By Matt Weber
Countertops made of granite, marble, travertine or other natural stone are popular for their distinct, timeless appearance and durable low-maintenance performance. Available in thousands of colors, natural stone countertops can be polished to a smooth, lustrous finish that holds up well to heat and can potentially last a lifetime. However, all stone is porous to some degree and should be protected with a quality stone sealer to prevent water, oils or other liquids from soaking in and leaving stains. To get the most vibrant life from a stone countertop, it’s smart to re-seal the surface every three to five years.
Over time, general-purpose cleaners that aren’t specifically formulated for stone can break down the sealer. This chemical agitation combined with the daily abrasive wear and tear that comes with a heavily used countertop can degrade the polish, discolor and even scratch the stone. A quality sealer can restore the stone’s luster, reinforce protection and make the countertop easier to clean.
The travertine countertop in this article had last been sealed five years ago, and the surface had since become dull and patchy with bare spots where the sealer had worn away. This article shows the steps we took to sand away the old sealer and apply a new coat to give the countertop a like-new appearance.
Note that the matte-finished travertine shone in this article had not been polished to a glossy sheen upon installation, and any gloss on the surface was due to the sealer on top. I know this because I installed the counter-top myself. This is important to note because if your contractor-installed stone countertop has a high-sheen polished surface then you should probably skip sanding the surface and just clean the countertop thoroughly before applying a new coat of sealer. Sanding a shiny, polished countertop will dull the finish, and to re-polish the surface to a high gloss will require wet-sanding with very fine abrasives—and a lot of practice. The polishing process progresses through finer and finer abrasives until finally graduating to a hog’s hair polishing pad with a polishing compound. It’s quite a chore to achieve that professional sheen, so don’t bother sanding it if you don’t need to.
Step by Step
Clean the countertop thoroughly, paying particular attention to the grout joints. You don’t want any dirt or grime to be sealed onto the countertop.
The countertop in this article had patchy bare spots where the sealer had worn away. I decided to sand away the old sealer and start from scratch. Again, if your countertop is polished to a glossy finish, then you should skip sanding and go straight to cleaning and re-sealing.
Mask off all surrounding areas that you don’t want exposed to the sealer.
Select a variety of progressively finer bits, the coarser abrasives to remove the old sealer and the finer ones to smooth out the surface in preparation for the new sealer. The finer your abrasives, the more polish you can impart to the countertop.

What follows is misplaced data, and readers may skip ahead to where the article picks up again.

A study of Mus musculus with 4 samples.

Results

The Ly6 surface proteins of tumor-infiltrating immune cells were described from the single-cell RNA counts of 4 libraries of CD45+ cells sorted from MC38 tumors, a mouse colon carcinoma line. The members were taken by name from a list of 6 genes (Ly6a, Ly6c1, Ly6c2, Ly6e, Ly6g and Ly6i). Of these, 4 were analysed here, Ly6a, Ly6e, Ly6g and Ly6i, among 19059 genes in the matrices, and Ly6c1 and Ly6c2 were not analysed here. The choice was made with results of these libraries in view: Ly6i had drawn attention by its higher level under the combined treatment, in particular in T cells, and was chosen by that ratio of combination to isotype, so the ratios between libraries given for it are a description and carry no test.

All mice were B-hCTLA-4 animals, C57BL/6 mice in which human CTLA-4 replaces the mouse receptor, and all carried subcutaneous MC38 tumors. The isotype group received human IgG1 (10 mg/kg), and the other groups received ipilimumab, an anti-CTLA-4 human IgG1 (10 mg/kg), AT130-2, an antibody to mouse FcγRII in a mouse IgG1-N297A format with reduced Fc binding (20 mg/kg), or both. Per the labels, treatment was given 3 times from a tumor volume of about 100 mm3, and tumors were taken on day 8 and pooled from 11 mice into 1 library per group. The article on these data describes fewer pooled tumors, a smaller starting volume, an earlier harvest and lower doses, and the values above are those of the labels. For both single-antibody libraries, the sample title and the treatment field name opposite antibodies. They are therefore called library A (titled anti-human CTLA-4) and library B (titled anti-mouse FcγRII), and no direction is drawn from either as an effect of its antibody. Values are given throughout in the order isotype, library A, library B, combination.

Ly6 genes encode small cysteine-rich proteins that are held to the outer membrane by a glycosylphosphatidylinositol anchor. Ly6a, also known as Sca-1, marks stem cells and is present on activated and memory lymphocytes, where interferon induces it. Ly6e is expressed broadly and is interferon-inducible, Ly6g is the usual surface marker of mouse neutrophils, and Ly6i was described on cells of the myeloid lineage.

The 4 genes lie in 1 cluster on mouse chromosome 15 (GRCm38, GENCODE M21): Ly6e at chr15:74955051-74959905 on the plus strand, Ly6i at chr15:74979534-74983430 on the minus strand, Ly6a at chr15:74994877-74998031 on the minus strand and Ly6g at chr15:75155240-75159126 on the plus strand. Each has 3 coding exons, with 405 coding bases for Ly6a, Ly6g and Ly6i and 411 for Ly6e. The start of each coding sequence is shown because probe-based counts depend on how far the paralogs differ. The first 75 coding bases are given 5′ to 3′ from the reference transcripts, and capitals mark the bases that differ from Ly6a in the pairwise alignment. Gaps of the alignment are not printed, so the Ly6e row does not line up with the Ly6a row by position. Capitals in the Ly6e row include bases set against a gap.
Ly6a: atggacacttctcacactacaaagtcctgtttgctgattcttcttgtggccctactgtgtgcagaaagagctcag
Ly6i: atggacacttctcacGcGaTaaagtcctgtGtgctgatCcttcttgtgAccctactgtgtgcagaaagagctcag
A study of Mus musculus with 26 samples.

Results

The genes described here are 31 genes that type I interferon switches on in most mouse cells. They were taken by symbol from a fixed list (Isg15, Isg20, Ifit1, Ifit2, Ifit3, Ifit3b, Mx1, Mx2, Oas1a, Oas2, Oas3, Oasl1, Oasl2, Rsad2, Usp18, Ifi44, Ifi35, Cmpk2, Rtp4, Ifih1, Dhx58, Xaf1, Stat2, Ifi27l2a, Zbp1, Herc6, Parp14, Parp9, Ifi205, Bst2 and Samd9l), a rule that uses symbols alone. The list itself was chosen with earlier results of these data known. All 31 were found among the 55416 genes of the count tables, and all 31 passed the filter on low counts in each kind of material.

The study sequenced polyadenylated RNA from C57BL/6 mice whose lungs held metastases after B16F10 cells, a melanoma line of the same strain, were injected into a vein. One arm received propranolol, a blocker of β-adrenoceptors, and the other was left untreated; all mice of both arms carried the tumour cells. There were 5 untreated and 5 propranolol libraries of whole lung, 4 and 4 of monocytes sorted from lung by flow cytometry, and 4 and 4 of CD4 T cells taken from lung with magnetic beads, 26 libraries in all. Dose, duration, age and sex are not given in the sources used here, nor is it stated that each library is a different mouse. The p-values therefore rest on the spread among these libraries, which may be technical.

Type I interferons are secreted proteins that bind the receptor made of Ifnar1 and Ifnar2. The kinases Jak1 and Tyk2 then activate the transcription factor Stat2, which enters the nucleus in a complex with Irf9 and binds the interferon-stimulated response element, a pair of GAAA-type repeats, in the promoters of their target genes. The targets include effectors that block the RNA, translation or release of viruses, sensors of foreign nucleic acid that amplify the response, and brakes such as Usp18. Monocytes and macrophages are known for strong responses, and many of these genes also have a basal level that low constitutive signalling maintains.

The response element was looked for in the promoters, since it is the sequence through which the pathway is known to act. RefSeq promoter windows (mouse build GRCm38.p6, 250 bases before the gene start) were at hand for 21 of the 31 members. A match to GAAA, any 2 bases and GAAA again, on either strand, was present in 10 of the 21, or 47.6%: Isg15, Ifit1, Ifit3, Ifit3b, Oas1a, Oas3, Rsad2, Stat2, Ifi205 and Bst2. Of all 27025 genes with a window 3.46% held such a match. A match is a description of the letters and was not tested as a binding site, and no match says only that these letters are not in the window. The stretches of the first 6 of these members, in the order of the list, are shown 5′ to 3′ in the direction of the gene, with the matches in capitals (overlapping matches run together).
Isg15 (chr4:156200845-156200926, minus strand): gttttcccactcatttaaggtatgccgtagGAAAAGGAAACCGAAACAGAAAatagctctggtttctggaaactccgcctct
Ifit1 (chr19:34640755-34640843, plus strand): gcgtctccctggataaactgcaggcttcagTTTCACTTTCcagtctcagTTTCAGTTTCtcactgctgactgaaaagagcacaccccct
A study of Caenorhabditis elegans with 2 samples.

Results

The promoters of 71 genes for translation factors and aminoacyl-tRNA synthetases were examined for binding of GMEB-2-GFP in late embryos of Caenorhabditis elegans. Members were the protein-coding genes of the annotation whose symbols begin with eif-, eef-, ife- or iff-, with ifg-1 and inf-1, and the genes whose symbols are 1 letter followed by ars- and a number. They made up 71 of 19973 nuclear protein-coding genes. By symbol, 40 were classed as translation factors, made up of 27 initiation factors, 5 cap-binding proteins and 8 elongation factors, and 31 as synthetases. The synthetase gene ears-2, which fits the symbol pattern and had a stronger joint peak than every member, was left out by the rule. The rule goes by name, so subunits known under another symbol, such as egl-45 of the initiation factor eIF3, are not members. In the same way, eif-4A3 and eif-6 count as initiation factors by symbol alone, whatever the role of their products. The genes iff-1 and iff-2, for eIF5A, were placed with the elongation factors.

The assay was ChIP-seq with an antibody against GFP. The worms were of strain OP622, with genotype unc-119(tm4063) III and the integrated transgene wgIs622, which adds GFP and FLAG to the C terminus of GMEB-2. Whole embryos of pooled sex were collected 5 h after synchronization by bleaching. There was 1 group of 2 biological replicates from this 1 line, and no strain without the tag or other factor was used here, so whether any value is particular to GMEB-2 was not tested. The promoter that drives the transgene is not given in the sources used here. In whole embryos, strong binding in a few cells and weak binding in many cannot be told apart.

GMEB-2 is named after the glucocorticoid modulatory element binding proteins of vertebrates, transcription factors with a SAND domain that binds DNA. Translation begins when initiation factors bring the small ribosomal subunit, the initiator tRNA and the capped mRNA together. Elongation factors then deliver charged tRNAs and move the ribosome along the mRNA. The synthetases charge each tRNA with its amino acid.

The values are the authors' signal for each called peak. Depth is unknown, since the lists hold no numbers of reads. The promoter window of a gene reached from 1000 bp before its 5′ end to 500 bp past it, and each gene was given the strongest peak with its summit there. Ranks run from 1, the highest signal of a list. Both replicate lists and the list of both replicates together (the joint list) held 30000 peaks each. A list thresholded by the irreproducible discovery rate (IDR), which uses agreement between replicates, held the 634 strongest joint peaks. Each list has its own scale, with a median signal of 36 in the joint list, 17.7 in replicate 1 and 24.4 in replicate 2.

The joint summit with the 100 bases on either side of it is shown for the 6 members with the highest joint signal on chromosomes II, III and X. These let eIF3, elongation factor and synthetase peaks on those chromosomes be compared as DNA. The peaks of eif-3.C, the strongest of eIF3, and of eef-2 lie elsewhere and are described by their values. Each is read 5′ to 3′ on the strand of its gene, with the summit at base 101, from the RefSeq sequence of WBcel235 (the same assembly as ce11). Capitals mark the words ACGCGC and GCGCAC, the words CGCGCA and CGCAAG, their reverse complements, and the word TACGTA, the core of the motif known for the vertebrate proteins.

I began removing the old sealer with a random orbit sander equipped with 100-grit abrasive.
I made three steady passes to remove the old coating.
A handheld detail sander can easily fit into narrow spaces.
A quarter-sheet sander like the Porter-Cable Speedbloc can get right up to the edges of corners.
I made several passes graduating from 100-grit, to 220 to 350 until all traces of the old sealer were gone and the surface felt perfectly smooth to the touch.
If you decide to sand your countertop surface, keep a hand broom and dustpan ready because the abrasion will generate a lot of messy residue.
I chose to use a water-based penetrating sealer from DuPont that can last up to 150 percent longer than a regular sealer. Always follow the sealer manufacturer’s instructions for application.
I applied the product with a paint pad. Specifically, I used an edging pad from Shur-line that conveniently fit into the narrow places around the stove and other obstacles.
For best results, spread excess sealer over the entire area for even penetration. Allow the liquid to penetrate the surface for 15-30 minutes.
Remove excess sealer by wiping the surface with clean, dry towels. Avoid using cheap shop towels or paper towels, which can leave dye, lint or fibers in the sealer. I recommend using white cotton knit rags specified for “paint and cleaning”.
Most stones and grout will require two coats. A few of the more absorbent stones may need additional coats to be properly sealed. Wipe away excess sealer from the final coat. A full cure is achieved after 24-72 hours, but the sealer will dry to the touch in only about an hour.
How can I tell if my stone has already been sealed?
Apply a coin-sized drop of water to the top of the stone and let stand for at least 15 minutes. Cover the drop with a glass to slow evaporation. If the stone didn’t darken, then the stone is probably sealed against water-based stains. (Testing for oil repellency is more difficult because if the stone isn’t sealed, then the oil may stain it.)